Colby College was honored in Boston Thursday with an Environmental Merit Award from the New England Office of the U.S. Environmental Protection Agency. The award recognizes exceptional work and commitment to the environment in 2003. "Colby College is 'walking-the-talk' when it comes to combining strong academic environmental programs with tangible actions to reduce the environmental impact of its campus operations," the agency said in a press release.
"EPA's Environmental Merit Award is an annual award that recognizes outstanding environmental advocates who have made significant contributions toward preserving and protecting our natural resources," according to a letter from EPA Regional Administrator Robert W. Varney to the college. Eleven people or organizations in Maine received Environmental Merit Awards Thursday (see list).
Professors Russ Cole and Tom Tietenberg, directors of the environmental science and environmental studies programs respectively, and Director of Safety Bruce McDougal went to Faneuil Hall in Boston on Thursday for the presentation, but college officials credited a broad effort on campus by students, faculty and administrators for this latest recognition that Colby has received for its commitment to sustainability both in campus practices and in its outstanding environmental studies programs.
Mitchell Family Professor of Economics Thomas Tietenberg, director of Colby's Environmental Studies Program, said Colby has gained recognition as a national leader in sustainability based on both the academic work that students are doing, such as monitoring and reduction of energy use and harmful emissions, and the work of the Environmental Advisory Group (EAG). The EAG was formed three years ago to advise Colby's president and the community on issues related to environmental stewardship of the campus and region. It includes students, faculty and administrators. Recent initiatives where the EAG played a role include:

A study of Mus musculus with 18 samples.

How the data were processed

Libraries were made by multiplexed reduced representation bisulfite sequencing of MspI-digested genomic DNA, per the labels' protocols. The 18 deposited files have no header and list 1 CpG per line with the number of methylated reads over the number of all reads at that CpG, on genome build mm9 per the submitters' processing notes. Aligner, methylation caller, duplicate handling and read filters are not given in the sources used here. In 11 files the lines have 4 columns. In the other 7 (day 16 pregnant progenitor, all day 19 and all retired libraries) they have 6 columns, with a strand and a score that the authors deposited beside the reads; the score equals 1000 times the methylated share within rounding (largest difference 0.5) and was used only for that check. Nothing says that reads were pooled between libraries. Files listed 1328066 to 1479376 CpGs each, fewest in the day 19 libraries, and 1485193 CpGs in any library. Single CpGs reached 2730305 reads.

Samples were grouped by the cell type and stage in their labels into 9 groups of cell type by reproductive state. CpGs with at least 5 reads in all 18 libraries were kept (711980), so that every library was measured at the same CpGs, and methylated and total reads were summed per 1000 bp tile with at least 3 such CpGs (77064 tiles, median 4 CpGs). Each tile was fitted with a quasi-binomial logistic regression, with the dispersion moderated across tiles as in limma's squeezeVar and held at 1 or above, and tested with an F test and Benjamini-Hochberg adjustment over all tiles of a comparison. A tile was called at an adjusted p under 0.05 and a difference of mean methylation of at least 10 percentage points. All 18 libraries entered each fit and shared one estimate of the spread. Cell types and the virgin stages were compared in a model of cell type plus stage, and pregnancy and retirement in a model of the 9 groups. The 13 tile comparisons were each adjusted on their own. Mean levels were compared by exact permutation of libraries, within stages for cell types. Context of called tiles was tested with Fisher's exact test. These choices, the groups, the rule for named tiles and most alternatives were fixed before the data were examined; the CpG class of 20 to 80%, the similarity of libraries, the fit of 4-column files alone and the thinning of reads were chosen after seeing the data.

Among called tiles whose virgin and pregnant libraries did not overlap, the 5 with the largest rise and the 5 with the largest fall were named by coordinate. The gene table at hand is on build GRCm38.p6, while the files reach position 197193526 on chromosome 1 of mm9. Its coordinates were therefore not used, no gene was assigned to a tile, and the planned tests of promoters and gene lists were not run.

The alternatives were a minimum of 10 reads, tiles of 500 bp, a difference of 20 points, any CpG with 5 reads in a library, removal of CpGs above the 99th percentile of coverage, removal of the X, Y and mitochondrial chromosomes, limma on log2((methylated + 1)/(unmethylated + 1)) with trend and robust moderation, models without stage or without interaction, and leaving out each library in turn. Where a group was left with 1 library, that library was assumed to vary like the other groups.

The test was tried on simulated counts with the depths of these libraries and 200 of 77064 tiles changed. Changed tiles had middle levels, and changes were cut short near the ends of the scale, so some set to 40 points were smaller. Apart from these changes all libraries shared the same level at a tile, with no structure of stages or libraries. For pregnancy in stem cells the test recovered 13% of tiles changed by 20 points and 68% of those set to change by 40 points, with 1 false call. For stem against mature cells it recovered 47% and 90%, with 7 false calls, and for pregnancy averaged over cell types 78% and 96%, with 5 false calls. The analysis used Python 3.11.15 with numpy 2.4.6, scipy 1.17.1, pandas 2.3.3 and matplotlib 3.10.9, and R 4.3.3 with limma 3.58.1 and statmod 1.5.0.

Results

On the academic side, Colby's environmental studies program, one of the nation's oldest, was expanded and restructured last year to offer even stronger programs in environmental science and environmental policy. The program entails considerable community outreach, including a focused course where seniors collaborate with local and state officials to analyze the water quality of area lakes and to make recommendations for remediation.
For more than 20 years students in that course have analyzed a lake watershed each year and presented findings to lake associations and the Department of Environmental Protection. This year Daniel Dubord of the China Regional Lake Alliance wrote, "Having been in the water quality 'game' for many years, I've seen a lot of studies done by so-called professionals that didn't even come close to reaching the detail and professionalism that was exhibited in the report by your students."
The EPA Environmental Merit Award follows a Maine Governor's Award for Environmental Excellence that Colby received in 2002. And the work continues. Tietenberg, an architect of emissions trading markets used worldwide to reduce pollution, said a student researcher is continuing an elaborate emissions inventory study. Among other projects the EAG is planning to pilot a biodiesel alternative fuel test and students are using new energy-efficient washers and dryers installed this winter and expected to save $10,000 a year in energy costs.